In the twelve chapters of Ecclesiastes, the author uses the word hebel almost forty times—that’s as much as in the rest of the Bible! It literally means “vapor” or “breath,” but most translations use the word “vanity.” Our writer (“Qoheleth” is the Hebrew word), after describing some human endeavor, proclaims it “vanity.” On several occasions, Qoheleth wearily cries, “All is vanity.”
But saying “all is vanity” doesn’t quite capture “the frustration that comes from the pit of the stomach,” as Elsa Tamez puts it. It still feels too scholarly—too removed from where we live. No, I think if Qoheleth were speaking today, he’d say something more like “everything sucks”!
His lament that “there is nothing new under the sun” (1:9) speaks to the apparent absurdity of human actions that are repeated over and over. In her book, Acedia and Me, Kathleen Norris speaks of her struggle with that illness of the spirit. Acedia mocks the repetition of daily life. It says, “You get out of bed, eat food, do whatever you busy yourself with, go to bed, and do the whole thing again tomorrow. To what end?”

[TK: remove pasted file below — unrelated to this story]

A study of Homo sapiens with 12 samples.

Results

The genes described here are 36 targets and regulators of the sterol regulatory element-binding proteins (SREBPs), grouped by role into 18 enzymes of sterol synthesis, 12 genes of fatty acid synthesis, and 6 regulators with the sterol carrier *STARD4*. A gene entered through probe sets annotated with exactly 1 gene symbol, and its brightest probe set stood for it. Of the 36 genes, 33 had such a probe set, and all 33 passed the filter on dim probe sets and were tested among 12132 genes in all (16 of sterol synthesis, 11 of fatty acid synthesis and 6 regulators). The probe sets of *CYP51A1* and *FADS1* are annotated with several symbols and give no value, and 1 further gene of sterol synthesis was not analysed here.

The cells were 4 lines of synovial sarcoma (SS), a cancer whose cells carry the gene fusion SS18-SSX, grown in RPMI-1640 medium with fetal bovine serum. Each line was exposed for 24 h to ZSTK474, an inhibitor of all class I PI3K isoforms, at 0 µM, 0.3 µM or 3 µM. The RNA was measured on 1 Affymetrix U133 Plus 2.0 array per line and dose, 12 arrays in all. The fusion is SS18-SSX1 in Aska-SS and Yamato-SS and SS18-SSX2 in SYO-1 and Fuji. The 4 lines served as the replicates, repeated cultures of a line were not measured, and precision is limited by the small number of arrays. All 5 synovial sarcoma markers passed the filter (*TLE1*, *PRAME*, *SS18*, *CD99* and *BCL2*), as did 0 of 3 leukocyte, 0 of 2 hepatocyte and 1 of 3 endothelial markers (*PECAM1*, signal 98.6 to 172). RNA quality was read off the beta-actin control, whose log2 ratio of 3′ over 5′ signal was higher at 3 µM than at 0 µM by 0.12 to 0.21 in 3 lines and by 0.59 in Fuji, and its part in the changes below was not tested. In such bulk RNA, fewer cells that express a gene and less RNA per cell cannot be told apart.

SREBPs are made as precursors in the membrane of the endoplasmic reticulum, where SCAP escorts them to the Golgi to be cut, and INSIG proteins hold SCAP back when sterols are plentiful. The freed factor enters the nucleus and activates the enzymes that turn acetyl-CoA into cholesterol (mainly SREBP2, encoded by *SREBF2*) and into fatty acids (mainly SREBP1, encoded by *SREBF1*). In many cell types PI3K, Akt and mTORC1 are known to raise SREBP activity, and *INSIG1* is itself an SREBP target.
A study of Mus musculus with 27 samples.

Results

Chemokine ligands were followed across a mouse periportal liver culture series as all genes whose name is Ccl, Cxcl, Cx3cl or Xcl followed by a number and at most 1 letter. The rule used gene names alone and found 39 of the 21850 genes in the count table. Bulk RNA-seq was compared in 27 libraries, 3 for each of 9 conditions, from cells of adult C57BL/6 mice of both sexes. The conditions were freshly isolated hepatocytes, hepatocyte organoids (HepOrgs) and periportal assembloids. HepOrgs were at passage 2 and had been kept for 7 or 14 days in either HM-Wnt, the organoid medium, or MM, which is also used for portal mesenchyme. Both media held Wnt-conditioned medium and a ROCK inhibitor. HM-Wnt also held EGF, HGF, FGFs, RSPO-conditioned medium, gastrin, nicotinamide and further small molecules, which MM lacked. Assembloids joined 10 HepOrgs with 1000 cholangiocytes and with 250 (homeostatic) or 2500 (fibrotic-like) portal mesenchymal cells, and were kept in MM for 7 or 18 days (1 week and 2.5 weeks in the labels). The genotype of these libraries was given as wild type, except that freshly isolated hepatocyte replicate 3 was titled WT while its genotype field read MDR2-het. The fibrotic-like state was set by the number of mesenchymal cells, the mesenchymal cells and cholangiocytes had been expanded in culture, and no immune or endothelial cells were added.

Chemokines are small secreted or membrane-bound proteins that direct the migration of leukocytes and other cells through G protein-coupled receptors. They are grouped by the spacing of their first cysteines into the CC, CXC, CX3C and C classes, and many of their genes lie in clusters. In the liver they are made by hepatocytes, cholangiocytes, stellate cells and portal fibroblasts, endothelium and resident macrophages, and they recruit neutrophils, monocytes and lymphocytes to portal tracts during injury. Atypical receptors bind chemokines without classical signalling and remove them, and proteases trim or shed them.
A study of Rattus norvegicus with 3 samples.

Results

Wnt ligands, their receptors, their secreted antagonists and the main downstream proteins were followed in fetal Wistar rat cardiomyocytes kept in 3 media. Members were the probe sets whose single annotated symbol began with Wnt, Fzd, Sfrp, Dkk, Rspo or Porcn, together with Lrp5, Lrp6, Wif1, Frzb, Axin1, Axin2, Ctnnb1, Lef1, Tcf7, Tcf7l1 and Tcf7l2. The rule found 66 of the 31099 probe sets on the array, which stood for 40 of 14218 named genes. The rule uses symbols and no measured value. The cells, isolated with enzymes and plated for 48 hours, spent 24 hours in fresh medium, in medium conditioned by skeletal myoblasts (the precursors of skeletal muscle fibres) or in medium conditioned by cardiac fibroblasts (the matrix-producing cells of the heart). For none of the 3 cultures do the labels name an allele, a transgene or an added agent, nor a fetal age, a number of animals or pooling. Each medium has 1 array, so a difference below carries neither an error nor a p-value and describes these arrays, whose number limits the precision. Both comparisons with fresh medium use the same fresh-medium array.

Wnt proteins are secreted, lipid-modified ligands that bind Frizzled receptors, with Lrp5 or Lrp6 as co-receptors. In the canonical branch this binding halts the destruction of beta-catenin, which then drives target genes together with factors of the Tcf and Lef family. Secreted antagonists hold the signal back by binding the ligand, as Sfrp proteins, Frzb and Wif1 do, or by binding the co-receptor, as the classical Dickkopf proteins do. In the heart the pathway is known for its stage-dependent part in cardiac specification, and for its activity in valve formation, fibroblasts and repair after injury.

Norris cites an example from her youth—her reluctance to make her bed. “‘Why bother?’ I would ask my mother in a witheringly superior tone. ‘I’ll just have to unmake it again tonight.’ To me, the act was stupid repetition; to my mother, it was a meaningful expression of hospitality to oneself, and a humble acknowledgment of our creaturely need to make and remake our environments” (p. 13).
Fortunately, the acedia in Ecclesiastes doesn’t have the final word. But I think we can benefit from recognizing that even biblical authors recognize, and express, a struggle that we too often try to ignore. Of course, ignoring it only gives the slothful demon more control!
The image is “All is Vanity” by Lyamkin Alexander.